Estonia, Wonderful Present—Marvelous FutureAlexei Murisep. Soviet Booklets, London. 1959.

Here we have one of the many propagandic treatises manufactured by the Soviets at the height of the Cold War repeating the tale of Baltic peoples uplifted from backwardness and economic stagnation into a modern, beneficent, enlightened future—where even "peasants" can now afford books.

Alexei "Alexandrovich" Müürisepp (Алексей Александрович Мюрисеп), born July 17, 1902 in Välta, Pöide parish in Saaremaa, died October 7, 1970 in Tartu, grew up in the Soviet Union after his father moved the family to Krasnoyarsk, Siberia in 1905. He joined the Communist Party at 24 and busied himself as a Soviet apparatchik in various party and trade union positions.

As was also the custom in Latvia and Lithuania, Müürisepp was appointed an official in the illegitimate Soviet regime to give it an Estonian face. These Soviet imports, also including First Secretaries Ivan Kebin, who had left Estonia as a child, and Eduard Päll, earned themselves the nickname "Yestonians" (yeestlased) from their typical Russian mispronounciation of the Estonian "e" as the (identical in appearance) palatized Russian "e."

More information on Estonian First Secretaries available at the Estonian Museum of Occupations, here, in Estonian.

Written in 1959, two years before Müürisepp was appointed Estonian SSR Supreme Soviet chairman, Müürisepp's account of the progress of Estonian life under the U.S.S.R. glows with pride as he writes of "my Republic": as most Soviet propaganda, it is a masterful blend of facts, half-truths, and lies. A tale to which the stark facts of history has long since given the lie, but which in a Russia clinging ever more tightly to Soviet glories is still considered more truth than fiction—certainly where official Russia is concerned.

...Timeline...Anna Dārziņa Post Card SetLatvian folk costumes, Anna Dāŗziņa. Esslingen DP Camp, Jānis Liepiņš, ca. 1949. Artist Anna Dāŗziņa's illustrations of Latvian folk costumes. Set of 18 postcards. Pīrāgi & GalertsLatviska un Moderna Virtuve (The Latvian and Modern Kitchen), Fischbach D.P. Camp, Germany, 1949. Traditional Latvian recipes, excerpts and translations The Story of LatviaThe Story of Latvia—A Historical Survey. Arveds Švābe. Latvian National Foundation, Stockholm. 1949. Švābe's concise history of Latvia, from the Balts inhabiting what is today western Russia through the continuation of Soviet occupation into the post-WWII era. First USA Song FestivalThe First Latvian Song Festival in America, various, Chicago, 1953. Mixed choir participants' music. 21 songs, complete Festival of Lithuanian Art and MusicFestival of Lithuanian Art and Music, Washington, D.C., 1953. Lithuanian exile community celebrates the anniversary of Lithuania's original founding with art, a concert, and banquet in Washington, D.C. Festival program. Müürisepp's Soviet EstoniaEstonia, Wonderful Present—Marvellous Future, Aleksei Müürisepp. Soviet Booklets, London. 1959. Career apparatchik and then soon-to-be Estonian SSR Supreme Soviet Chairman Алексей Александрович Мюрисеп waxes eloquently of life under the U.S.S.R., one of a series of propaganda booklets produced about each of the fifteen Soviet Republics. Lācis' Soviet LatviaLatvia—Our Dream is Coming True, Vilis Lācis. Soviet Booklets, London. 1959. Popular author during Latvia's independence and Soviet sympathizer signing deportation orders sending families to frosty death, Vilis Lācis, writes of the materialization of Latvian dreams under the U.S.S.R., one of a series of booklets produced about each of the fifteen Soviet Republics. Abrene Fold-outAbrene Women's Folk Costume. Latvian State Publishing House, ca. 1960.Abrene women's folk costume illustrated multi-lingual reference fold-out. Augšzeme Fold-outAugšzeme Women's Folk Costume. Latvian State Publishing House, ca. 1960.Augšzeme women's folk costume illustrated multi-lingual reference fold-out. Krustpils Fold-outKrustpils Women's Folk Costume. Latvian State Publishing House, ca. 1960.Krustpils women's folk costume illustrated multi-lingual reference fold-out. Latgale Fold-outLatgale Women's Folk Costume. Latvian State Publishing House, ca. 1960.Latgale women's folk costume illustrated multi-lingual reference fold-out.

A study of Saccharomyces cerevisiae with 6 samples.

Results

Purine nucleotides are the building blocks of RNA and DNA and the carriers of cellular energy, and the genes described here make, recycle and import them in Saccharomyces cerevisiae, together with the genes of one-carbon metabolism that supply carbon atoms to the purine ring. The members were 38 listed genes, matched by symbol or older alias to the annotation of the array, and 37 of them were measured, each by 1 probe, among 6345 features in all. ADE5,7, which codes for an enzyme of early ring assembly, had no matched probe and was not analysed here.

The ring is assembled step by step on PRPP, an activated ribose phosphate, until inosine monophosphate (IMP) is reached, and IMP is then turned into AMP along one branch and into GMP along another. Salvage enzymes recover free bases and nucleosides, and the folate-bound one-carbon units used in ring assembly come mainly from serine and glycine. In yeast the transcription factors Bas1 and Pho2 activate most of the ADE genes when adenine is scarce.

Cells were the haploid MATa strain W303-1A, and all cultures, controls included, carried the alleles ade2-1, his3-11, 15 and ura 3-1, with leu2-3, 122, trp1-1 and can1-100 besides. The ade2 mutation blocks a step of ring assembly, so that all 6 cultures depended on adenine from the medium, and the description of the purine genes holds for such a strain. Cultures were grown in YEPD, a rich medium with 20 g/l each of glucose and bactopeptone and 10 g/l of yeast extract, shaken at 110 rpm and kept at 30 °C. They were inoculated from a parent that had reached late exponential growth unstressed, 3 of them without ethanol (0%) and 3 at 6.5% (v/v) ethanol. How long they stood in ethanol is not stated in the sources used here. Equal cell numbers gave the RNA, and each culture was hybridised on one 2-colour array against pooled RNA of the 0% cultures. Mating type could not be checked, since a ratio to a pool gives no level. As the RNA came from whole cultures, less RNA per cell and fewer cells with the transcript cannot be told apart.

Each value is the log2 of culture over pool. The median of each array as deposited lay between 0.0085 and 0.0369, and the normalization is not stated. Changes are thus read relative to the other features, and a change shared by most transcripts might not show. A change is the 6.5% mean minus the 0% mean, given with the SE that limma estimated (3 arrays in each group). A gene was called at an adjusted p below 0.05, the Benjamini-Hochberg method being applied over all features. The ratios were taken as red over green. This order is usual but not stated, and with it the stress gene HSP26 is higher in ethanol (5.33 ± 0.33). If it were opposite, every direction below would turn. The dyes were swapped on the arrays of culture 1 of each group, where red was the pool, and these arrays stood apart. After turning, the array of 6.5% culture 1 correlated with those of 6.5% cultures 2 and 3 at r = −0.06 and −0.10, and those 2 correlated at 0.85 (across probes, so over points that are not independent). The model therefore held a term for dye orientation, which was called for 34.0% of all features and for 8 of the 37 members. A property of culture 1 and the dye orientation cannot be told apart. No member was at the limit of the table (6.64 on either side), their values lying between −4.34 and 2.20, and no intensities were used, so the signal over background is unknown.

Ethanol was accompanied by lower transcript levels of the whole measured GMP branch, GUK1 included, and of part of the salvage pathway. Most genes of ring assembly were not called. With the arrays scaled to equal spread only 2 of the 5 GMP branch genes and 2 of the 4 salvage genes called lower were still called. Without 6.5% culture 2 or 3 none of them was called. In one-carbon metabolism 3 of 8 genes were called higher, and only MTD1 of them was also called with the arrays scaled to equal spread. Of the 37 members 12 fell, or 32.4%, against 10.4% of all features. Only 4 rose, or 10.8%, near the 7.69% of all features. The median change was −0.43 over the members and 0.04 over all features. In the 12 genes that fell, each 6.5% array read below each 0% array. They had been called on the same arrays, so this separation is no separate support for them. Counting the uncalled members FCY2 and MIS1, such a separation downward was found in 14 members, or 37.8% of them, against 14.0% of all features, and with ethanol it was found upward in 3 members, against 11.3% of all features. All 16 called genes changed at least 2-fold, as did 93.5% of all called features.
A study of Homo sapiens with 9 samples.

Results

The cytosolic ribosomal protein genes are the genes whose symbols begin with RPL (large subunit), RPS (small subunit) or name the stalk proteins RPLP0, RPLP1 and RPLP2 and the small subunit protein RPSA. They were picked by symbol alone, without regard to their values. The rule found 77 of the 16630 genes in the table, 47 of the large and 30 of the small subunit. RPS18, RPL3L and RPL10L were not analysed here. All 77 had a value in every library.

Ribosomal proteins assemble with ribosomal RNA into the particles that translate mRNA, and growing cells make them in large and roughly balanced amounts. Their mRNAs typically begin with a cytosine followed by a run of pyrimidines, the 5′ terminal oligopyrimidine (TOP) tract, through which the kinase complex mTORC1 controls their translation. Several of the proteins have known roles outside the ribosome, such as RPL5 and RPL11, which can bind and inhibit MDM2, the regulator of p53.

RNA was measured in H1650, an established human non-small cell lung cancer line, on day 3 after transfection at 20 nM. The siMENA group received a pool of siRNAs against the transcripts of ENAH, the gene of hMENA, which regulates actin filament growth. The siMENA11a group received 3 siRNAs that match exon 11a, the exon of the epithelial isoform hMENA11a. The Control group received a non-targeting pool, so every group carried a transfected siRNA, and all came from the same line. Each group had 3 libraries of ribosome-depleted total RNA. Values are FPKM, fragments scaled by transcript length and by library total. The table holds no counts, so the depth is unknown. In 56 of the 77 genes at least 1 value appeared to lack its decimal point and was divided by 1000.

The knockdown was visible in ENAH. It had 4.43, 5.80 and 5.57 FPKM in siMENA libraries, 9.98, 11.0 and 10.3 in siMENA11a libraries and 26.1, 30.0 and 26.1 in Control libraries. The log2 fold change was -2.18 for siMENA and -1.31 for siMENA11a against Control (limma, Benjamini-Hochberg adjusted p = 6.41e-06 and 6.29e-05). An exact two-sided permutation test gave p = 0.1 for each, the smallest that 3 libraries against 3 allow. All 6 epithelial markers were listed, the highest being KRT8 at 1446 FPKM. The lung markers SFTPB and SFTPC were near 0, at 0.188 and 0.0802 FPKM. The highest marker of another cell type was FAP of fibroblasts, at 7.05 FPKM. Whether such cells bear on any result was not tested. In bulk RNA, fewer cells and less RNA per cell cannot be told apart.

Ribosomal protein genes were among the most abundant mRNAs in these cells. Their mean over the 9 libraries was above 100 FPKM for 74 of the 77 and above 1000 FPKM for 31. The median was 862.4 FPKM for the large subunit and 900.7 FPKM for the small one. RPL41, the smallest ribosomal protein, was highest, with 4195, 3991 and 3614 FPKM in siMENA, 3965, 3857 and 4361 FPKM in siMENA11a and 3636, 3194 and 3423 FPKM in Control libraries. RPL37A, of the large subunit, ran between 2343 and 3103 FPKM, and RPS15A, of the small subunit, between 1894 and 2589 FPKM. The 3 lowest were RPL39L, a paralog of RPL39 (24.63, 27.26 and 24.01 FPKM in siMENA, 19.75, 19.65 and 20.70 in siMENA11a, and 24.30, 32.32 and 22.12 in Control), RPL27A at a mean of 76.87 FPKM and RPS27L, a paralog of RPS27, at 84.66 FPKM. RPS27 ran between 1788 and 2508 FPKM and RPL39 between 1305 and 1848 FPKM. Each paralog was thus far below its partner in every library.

"Estonia, Wonderful Present—Marvellous Future" was published by
Soviet Booklets, London, England, in December, 1959, as part of the series
"THE FIFTEEN SOVIET SOCIALIST REPUBLICS OF TODAY AND TOMMORROW."
We do not endorse the Soviet account of historical events or their circumstances contained therein as factual.

Site contents copyright © 2017, S.A. and P. Vecrumba. All Rights Reserved. Wikipedia™, external site and Google Translate™ links are provided for convenience and do not constitute endorsement of, affiliation with, or responsibility for such content.

We use cookies to assist in context-sensitive navigation. By accessing our site, you agree to the placement if this type of cookie on your computer or mobile device. We do not share user information with third parties.

Please Email us at contact@latvians.com with comments or questions. We look forward to your feedback.

Center for Baltic Heritage is a LATVIANS.COM project.